For Sam

Updated: Aug 20, 2022

There is precious little engraved on this headstone at Hop Store Cemetery just outside Ypres to hint at the man buried beneath it.

“85874 Drive S Woods, Royal Field Artillery, 6th August 1915, aged 35.”

That’s it; no lovingly-chosen epitaph, not even his first name.

The CWGC which keeps his headstone so beautifully tells us he was the son of the late John Woods and his wife Mary, of Darlington, Co. Durham and that he served in the South African War.

A place to start, at least.

So let me tell you what I have found out about this brave man.

His name is Sam.

In 1881, there he is in Darlington, aged 1, his parents’ first (and maybe only) child; Dad is a 27 year old Irish-born wood sawyer and Mum a local girl, barely 20 years old.

Ten years later, little Sam is living alone with his Uncle Samuel and Aunt Elizabeth and their family in Stockton and when he enlists into the Army Service Corps aged 18 and a half, he gives his Uncle as his Next of Kin.

He has been working as a groom; he has blue eyes, brown hair and scars on both his legs.

He spent a year in South Africa, fighting the Boer War, looking after the horses with the Army Service Corps through 1899 and 1900, and was discharged to the Reserve after serving his agreed three-year term of engagement in 1902.

He stays in London and finds what work he can as a groom, horses being his solace and refuge in life, his friends who he understood and who understood him, but it was hard to get regular work and misfortune dogged him. He seems to have had no support network back home, no Alamo, on which he could count.

We next find him, still unmarried, still technically a groom, but alas adrift, taking refuge in the spring of 1911 at the Workhouse in Whitechapel. He must surely have been pretty miserable without the company of horses he was so used to.

As with so much of Sam’s story, officialdom has muddled his details. His First World War service papers were destroyed by the Luftwaffe in 1940 so we cannot know for sure if he had re-joined the Army by August 1914, or if perhaps this new War gave this weary old soldier a new reason to get up in the morning.

Unusually, the Army Medal Office made a mess of his campaign medal entitlement and leaves it entirely unclear whether he first goes to France in August 1914 or not until February the following year.

At any rate, he re-engaged at Woolwich and he went to France – at some point – in the first six months of the War with the Royal Field Artillery, with the rank of Driver, meaning he is in charge of one of the pairs of horses pulling the field artillery guns along muddy, shell-holed tracks.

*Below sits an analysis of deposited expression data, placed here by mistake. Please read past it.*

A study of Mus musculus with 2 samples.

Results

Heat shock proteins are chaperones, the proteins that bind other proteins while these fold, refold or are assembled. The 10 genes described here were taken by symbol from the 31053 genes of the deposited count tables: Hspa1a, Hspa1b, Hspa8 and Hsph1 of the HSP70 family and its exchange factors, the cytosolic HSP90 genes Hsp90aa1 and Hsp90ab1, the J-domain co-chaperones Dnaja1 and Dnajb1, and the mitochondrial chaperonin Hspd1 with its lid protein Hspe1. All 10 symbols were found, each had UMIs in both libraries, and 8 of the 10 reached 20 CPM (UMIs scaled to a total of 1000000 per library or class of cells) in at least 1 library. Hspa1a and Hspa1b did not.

His 87th Battery RFA fired Howitzers.

These were field pieces which lobbed shells almost vertically up into the air on a high trajectory, dropping them down onto enemy positions behind hills, into slit trenches, onto machine gun nests in ways normal field guns with flatter trajectories could not. It was a difficult, deafening, dangerous job.

Sam had to get his horses to safely pull the Howitzers into position and then would be part of the team operating the Howitzer once in its designated place.

I have the utmost respect for the horses who served in the Army during the War; they had no choice, they were so brave in their own right and they so often died alongside the men who loved them, men like Sam Woods.

So we’ve gotten him from Darlington, to the Transvaal, to Whitechapel, to Flanders.

What happened to him on Friday 6th August 1915?

Sam’s Hop Store Cemetery is close to a village called Vlamertinge, a couple of miles to the west of Ypres. It was within range of enemy artillery for most of the War, but our own heavy artillery units and field ambulances were nevertheless stationed there.

There are six other Gunners of Sam’s 87th Battery RFA and a lad from the Divisional Ammunition Column buried at Hop Store in a row alongside him who all died on 6th August 1915.

It alas does not merit a mention in the Brigade war diary, but we can make a reasonable guess that a German shell found their gun position – and probably their horses too - that day.

Sam’s name is spelled variously Wood and Woods. He is not on the Darlington War Memorial.

It doesn’t seem right that the details of this brave man’s life and death have slipped through the cracks of time, due perhaps in part to the fact that, for whatever reasons, his childhood may not have been a very easy one, and that he did not marry during his 35 years here or leave behind children and then grandchildren who would keep a candle burning for him.

But he did himself leave one tantalising little detail for me to find all these years later.

His entry in the Register of Soldiers’ Effects gives the sole legatee of his monies-owing (that is: £8 6s 9d) to “Miss Lily Davidson.”

Let’s hope that Lily Davidson was his Person; he didn’t manage to marry her, clearly, but he left her everything he had and I truly hope she loved him back.

So this is for Sam, who loved Lily Davidson and horses, who had a tricky, lonely time of it but who did his level best and who stood up twice for his country, for us all, when it counted: you matter and you are Not Forgotten.